Global commodities trader Trafigura has renewed its North American borrowing base facility amid a tumultuous time for the market, which has been rocked by the fallout from Covid-19.
Despite being oversubscribed, Trafigura opted to reduce the one-year facility from US$4.4bn to US$4bn because of a drop in financing needs due to the lower-priced commodities environment.
Acting as lead arrangers and joint bookrunners on the latest facility were MUFG, Natixis and Société Générale. MUFG also served as administrative agent.
Trafigura notes in a statement that the facility will go towards its existing energy trading, logistics and merchant activities in North America, as well as new activities such as power marketing and trading.
The firm adds that its operations in crude oil – the product Trafigura traded the highest volume of in 2019 – will be one area that benefits from the deal, with funding supporting its Eagle Ford and Permian basin supplies in Texas.
It will help maintain access to the Cactus II pipeline which runs across the state, while also supporting its storage, logistics and processing assets at its terminal in Corpus Christi, Texas.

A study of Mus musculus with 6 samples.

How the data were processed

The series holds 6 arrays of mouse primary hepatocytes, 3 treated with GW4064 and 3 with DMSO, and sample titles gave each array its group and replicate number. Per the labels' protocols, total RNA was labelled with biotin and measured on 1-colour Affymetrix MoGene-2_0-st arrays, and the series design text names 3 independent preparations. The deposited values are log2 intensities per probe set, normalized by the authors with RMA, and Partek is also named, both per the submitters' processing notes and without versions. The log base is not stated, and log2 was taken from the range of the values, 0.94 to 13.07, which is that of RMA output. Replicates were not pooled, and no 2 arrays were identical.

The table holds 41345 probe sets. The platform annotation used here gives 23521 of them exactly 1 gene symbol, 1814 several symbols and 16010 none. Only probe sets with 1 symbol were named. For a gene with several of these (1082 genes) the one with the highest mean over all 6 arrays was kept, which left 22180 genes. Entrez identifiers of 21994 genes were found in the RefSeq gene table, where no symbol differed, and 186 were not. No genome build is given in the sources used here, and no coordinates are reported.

According to Trafigura, it “has utilised its access to these assets to become the largest exporter of US crude”.
Crude oil prices have been hard hit globally in recent months, with coronavirus causing a sharp drop in demand in March, just as a price war between major producing countries forced an abundance in supply.
While an agreement was struck in early April between the likes of Russia and Saudi Arabia to limit the production of oil globally, the continuing impact of Covid-19 on demand caused prices for the benchmark US crude – West Texas Intermediate (WTI) – to briefly fall into negative territory for the first time ever a week later.
WTI and Brent Crude – the world’s two most popular oil benchmarks – have since rebounded to more than US$30 a barrel.
The latest facility follows Trafigura returning to the international syndicated bank loan markets in March, when it refinanced two deals that attracted new lenders.
One of these, a 365-day European multi-currency syndicated revolving credit facility, closed substantially oversubscribed at US$1.9bn, 27% above the launching amount of US$1.5bn.
The other saw Trafigura make its fifth appearance on the Japanese domestic syndicated bank loan market, with the raising of ¥76.8bn (approximately US$720mn) via a yen-denominated term facility, dubbed a samurai loan.